Picture this. You live in a society that uses electric power. One day, your house senses you’ve used too much energy, and that your allocated stock is running low. It sends you a warning. You respond immediately, and walk to the front of your house to receive a code, which you then punch into the box that sensed your excess. Its beeping stops, and you again have an excess of electrical power to use for whatever purpose you like, until the box once more senses you’ve used too much.
Sounds pretty good, right? If someone told me a society like that already existed, I’d guess its location as somewhere in Europe: Germany? Finland? Norway? Somewhere sleek, technological, minimal and wealthy – right?
Definitely not in one of Asia’s poorest countries, that’s for sure. But that’s exactly where this innovation is.
I’ve written before about how you buy electricity here in Timor – pre-paid voucher codes punched into an alarm-like box on the side of your house – but really thought about the process for the first time this morning. I realised, as I tapped in my code, that it’s only because I’m in Timor that I’m not revering this method of buying electricity: that, for all my assertions about how life in Timor isn’t quite the World Vision poverty commercial you’d think, I’m just as guilty as any other malae of assuming Timor to be more backwards than just about anywhere else.
But what’s backwards about avoiding paper bills, three-month waits, passive-aggressive reminder messages between housemates and shared bills split down to the cent? (If every member of every sharehouse in Australia had a penny for every “you owe $21.73” message sent or received, I reckon we’d amass enough to buy Western Power).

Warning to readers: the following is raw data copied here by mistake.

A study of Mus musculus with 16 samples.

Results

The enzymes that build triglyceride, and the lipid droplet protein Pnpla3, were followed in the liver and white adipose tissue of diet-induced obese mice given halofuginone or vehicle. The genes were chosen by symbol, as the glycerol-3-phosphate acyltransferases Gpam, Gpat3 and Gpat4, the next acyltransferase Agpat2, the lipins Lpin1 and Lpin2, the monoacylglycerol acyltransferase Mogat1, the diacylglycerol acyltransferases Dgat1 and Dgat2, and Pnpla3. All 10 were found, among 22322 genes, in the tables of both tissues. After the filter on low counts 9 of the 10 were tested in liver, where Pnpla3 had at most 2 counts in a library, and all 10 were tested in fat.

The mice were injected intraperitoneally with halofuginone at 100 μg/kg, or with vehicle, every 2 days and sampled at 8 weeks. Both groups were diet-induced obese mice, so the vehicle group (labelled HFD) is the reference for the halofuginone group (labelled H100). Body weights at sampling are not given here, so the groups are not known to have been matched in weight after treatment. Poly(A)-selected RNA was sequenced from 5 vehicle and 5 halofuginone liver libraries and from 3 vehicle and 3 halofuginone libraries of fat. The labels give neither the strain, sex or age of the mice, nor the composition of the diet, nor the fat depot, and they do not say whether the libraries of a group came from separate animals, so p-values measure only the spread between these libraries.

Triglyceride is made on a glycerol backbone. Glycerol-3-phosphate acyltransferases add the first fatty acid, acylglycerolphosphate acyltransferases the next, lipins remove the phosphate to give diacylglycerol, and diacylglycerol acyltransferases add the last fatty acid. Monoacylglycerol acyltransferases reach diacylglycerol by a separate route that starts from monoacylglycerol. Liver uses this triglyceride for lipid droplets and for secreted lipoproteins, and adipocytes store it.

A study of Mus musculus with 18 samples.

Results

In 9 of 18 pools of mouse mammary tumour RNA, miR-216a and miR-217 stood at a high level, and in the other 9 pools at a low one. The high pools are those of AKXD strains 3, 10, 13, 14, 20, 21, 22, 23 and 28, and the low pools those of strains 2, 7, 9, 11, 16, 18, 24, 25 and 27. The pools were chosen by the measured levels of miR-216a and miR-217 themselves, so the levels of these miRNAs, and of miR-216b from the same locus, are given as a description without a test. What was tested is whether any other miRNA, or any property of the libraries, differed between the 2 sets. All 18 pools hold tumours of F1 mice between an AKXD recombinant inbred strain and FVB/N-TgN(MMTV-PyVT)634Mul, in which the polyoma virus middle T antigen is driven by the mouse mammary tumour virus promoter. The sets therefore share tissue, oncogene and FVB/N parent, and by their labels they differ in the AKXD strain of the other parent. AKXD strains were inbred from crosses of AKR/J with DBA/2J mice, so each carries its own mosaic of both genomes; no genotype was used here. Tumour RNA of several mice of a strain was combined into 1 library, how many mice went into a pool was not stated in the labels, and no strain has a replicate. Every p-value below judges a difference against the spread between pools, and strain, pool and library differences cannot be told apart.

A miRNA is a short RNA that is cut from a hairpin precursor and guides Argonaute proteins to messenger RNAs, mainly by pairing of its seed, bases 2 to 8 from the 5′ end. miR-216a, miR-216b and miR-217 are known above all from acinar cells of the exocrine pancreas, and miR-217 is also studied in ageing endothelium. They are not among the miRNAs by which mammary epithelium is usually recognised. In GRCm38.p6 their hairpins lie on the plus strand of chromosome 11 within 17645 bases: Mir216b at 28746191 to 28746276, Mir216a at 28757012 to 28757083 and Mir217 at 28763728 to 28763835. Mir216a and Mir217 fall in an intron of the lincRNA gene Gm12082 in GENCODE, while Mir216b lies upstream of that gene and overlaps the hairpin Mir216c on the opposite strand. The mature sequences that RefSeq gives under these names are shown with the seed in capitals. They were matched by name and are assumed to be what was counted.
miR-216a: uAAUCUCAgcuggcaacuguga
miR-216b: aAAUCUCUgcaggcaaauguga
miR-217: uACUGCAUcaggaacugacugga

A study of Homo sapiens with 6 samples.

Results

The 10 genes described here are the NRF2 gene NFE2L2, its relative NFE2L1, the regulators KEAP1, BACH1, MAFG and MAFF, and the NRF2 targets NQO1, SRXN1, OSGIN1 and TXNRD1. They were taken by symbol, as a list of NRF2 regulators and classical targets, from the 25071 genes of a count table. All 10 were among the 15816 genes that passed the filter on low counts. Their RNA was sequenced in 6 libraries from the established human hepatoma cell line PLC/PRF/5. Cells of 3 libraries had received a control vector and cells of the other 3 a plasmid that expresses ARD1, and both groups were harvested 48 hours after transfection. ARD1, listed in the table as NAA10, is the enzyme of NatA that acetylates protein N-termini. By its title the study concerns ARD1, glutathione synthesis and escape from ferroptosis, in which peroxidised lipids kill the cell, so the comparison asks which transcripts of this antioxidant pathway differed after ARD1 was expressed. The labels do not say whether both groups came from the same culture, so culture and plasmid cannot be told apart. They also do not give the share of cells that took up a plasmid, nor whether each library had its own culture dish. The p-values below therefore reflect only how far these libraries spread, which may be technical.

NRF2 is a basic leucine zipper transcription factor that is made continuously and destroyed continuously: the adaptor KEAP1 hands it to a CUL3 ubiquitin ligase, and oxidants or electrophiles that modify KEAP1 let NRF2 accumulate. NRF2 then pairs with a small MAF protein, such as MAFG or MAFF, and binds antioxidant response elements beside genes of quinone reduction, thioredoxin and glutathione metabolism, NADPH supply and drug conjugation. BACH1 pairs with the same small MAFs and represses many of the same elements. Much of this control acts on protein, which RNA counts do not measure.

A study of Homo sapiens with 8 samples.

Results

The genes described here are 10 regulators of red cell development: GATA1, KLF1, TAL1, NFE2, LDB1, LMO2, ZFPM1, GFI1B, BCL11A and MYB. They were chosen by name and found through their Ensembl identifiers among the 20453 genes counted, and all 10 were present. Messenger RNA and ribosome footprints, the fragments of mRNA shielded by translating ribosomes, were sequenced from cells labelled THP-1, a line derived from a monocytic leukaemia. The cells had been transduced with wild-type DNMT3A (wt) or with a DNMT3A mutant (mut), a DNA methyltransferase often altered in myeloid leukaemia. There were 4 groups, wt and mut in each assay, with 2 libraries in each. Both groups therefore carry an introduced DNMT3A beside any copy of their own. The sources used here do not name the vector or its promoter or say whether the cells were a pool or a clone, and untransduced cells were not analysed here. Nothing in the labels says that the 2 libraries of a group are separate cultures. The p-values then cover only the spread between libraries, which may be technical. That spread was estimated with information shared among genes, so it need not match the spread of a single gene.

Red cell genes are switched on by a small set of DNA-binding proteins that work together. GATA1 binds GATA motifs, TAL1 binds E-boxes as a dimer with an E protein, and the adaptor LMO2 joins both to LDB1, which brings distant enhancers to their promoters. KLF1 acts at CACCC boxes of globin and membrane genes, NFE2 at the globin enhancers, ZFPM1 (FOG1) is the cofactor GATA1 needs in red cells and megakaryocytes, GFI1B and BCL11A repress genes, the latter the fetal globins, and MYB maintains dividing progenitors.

I remember a conversation I had near International Women’s Day with a Timorese friend, who expressed surprise and guilty relief over how similar Australia’s and Timor’s statistics for gender-based violence were. Not relief over the fact that it happens in either country – this friend and I agreed readily that even one incident was one too many. “It was just nice to know what we weren’t the only bad ones for once, you know?” my friend said. I understood, because I’m guilty of that kind of thinking: assuming that Timor, as Australia’s poverty-stricken little brother, couldn’t possibly be any better than us at anything.
Timor has its problems – absolutely. And I’m not trying to de-facto boost it up by trashing Australia unnecessarily. Australia, objectively, has had some of the best education outcomes in the world, for example – even when you factor in our continued neglect of Indigenous Australians. But our willful forgetting of history? Dumb and cruel. Our self-conscious refusal to touch when we say hello? Frosty and awkward. The fact we’ll willingly pay $5 for a bunch of tiny asparagus spears flown in from Peru because we can’t wait anther fortnight to get fatties from Bindoon and we don’t know how to grow them ourselves? Short-sighted and lazy.
And the way we buy electricity? Clumsy, prolonged, and to be honest – just not very fun! A squealing house as a wake-up call is still worth how entertaining it is to run to the power shop and plug in the voucher.